One thing you can count on: the bells on the chestnut Street Methodist Church will explode in riotous tune making at noon and at other unspecified hours, when they play a wide selection of music from the old familiar hymns to popular songs from the past and the present. They were ringing me back to the house from the garden to the strains of My Old Kentucky Home. I’m sure the whole purpose of these musical interludes is to spread serenity across the land, and equally sure that the last thing in the world that would occur to them was that they might possibly irritate me. Still I have an encyclopedic knowledge of the words to the old sweet songs, and the old popular songs, and any other people song you might see traveling across the screen at a Community Sing. It’s suppertime, I said to myself, and immediately fell into a funk. Between My Old Kentucky Home (It was summer, the darkies were gay) and Irving Berlin’s Suppertime (Suppertime, time to set the table, cause it’s Suppertime. Somehow I”m not able, cause that man a mine, ain’t comin home no more) the hopelessness of fighting the status quo simply erased the joys of the previous twenty-four hours.
Sometimes, when we lived in the Bay Area ad had spent a Sunday afternoon at the San Francisco zoo, and the tired kids squabbled in the back seat, my husband would complain about their lack of appreciation.
You’ve spent a day having so much fun. Is it gone already? Can’t it last until we get home?
It must be a human trait. I couldn’t even make a hundred yards across the lawn without losing the exhiliration of a day spent doing exactly what I wanted to do, not to mention our combined birthday lunch with Rita on Sunday, and all it meant to us a reminder of a rich past of continuing friendship.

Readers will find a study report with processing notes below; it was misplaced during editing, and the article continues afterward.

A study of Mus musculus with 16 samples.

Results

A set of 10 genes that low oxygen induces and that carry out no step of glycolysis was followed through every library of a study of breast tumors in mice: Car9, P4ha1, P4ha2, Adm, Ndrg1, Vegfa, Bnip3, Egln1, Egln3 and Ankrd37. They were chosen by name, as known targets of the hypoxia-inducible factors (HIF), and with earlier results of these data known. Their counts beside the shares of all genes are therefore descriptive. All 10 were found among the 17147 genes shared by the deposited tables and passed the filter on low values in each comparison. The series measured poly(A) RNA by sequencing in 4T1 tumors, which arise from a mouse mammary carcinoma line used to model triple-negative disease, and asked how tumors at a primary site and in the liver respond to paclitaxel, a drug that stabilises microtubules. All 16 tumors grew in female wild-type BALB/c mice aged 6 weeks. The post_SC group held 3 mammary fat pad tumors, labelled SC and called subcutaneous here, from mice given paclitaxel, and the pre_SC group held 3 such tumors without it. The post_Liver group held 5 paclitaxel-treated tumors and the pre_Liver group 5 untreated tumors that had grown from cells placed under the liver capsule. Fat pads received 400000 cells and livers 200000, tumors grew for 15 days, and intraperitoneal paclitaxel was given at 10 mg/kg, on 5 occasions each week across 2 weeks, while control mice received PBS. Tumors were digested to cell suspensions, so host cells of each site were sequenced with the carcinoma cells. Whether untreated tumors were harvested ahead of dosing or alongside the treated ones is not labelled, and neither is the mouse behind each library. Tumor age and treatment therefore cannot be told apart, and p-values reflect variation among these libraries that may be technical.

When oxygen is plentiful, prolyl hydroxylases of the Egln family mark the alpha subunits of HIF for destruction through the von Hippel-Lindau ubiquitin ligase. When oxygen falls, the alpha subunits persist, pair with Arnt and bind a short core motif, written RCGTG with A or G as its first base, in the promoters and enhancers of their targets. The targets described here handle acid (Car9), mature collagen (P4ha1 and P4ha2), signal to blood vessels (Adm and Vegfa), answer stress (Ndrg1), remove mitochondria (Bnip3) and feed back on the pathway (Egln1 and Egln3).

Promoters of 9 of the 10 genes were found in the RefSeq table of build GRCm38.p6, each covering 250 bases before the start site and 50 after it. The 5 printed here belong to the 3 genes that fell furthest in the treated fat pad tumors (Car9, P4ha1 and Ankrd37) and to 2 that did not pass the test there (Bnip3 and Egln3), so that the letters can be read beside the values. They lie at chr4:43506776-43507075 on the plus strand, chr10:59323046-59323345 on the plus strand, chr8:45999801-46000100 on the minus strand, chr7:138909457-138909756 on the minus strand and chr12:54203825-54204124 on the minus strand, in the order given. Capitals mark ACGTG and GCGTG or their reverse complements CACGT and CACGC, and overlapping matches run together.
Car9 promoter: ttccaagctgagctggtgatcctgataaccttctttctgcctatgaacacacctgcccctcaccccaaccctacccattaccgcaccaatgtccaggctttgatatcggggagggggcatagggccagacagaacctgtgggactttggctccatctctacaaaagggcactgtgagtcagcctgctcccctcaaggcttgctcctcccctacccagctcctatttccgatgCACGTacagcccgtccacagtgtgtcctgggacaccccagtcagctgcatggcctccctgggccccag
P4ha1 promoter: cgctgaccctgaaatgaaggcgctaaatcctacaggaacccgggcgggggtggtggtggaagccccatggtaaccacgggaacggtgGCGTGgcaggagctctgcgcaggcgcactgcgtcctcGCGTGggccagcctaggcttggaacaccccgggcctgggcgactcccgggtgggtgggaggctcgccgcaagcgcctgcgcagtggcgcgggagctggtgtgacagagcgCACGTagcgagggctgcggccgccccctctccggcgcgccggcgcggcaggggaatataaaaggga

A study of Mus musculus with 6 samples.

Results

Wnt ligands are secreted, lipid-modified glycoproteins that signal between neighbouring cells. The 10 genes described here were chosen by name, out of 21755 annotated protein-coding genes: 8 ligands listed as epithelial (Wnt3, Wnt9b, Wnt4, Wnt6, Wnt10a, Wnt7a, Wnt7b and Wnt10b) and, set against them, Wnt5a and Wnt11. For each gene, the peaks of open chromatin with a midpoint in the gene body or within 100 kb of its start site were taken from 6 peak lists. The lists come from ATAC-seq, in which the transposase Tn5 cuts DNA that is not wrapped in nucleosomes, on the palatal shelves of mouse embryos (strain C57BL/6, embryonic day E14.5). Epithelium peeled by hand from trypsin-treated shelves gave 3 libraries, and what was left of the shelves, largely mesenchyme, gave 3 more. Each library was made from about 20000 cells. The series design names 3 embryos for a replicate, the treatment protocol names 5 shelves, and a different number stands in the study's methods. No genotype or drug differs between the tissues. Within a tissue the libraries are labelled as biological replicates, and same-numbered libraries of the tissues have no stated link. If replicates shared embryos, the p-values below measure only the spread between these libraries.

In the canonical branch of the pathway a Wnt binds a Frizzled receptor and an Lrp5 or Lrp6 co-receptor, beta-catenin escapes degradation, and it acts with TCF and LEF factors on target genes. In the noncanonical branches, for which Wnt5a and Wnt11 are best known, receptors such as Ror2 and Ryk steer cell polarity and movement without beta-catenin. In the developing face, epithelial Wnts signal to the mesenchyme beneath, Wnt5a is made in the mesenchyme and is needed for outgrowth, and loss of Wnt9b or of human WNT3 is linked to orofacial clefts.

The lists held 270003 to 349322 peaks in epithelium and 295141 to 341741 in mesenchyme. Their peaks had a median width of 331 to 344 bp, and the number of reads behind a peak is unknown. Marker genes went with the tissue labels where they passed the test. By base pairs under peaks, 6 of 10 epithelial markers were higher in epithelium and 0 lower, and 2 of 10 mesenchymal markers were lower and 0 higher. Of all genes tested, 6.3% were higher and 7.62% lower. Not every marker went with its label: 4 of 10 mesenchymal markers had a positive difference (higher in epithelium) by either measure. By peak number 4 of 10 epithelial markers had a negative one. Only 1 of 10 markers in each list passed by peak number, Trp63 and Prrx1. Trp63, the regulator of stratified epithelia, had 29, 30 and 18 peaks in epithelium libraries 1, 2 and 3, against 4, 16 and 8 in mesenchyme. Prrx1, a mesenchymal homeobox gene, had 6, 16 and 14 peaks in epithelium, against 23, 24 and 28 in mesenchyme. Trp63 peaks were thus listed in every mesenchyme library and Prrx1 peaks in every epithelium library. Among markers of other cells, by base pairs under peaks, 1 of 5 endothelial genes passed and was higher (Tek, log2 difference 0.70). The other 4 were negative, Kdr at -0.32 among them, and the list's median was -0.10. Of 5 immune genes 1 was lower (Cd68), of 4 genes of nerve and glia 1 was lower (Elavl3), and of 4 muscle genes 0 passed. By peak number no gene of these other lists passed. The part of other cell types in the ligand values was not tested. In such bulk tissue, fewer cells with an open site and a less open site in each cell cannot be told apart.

There is a flower called geum, a red blossom that keeps a strong grip on the end of a thin stem. It and its brothers and sisters swing and nod, moved by the slightest breeze, never breaking, simply tossed by the elements, thoughtless, a floral interpretation of Alfred E. Newman, and of me, I guess. What a difference a day makes. Here comes the sun. This morning the joys of the past trump the sad notes of yesterday. Carrots and fennel are up. Kale is recovering from its last day on a shelf at the plant stand. The two tomatoes are performing well so far. A hanging cherry tomato is covered with fruit. We ate our own onion and our own cilantro on tacos last night. I’ll call Rita and tell her how she once again established our link with the past, when Harry and Warren were still alive and Betsy was perhaps two or three years old.
It was at Rita’s that I made my first real garden.I followed all kinds of rules, making double dug beds, planting asparagus eight inches deep. It was such hard work and so worth every ounce of energy put into it. It was worth it just to be there and have Warren come out and invite me in for a beer break, when he might tell a story about his misspent youth. Now the men are gone; Betsy is a mother herself, and the birthdays we celebrate include Fiona, fourteen this year. Rita’s garden has taken on many new aspects, a fine pond, an expansive perennial bed. My garden moved to the country and ultimately here where Betsy and I have made a part wild, part rock garden with an arbor of clematis and hydrangea that oens into two terraces and a tiny pnd with a bench. Betsy does most of the work now and Fiona relucantly takes on a job here and there. Don’t worry, one of these days she’ll be ending the plants herself, maybe another two year old will be tugging at her pants leg. This isn’t just speculation. It’s the way of the world. This garden where we live is going to keep going up a hill covered with Solomon’s Seal and Pachysandra where the shade is deep. The gym set will be replaced by blueberries, the way Betsy plans it. The vegetable garden will develop and produce much of what we all eat. More chickens, more eggs. Watch out climate change, Betsy has entered the fight, and her team will win the next relay. It’s the way the world goes, and the old songs tell us how it used to be. The new songs are being written right now and like the canary that just flew past the window they will tell a brighter story.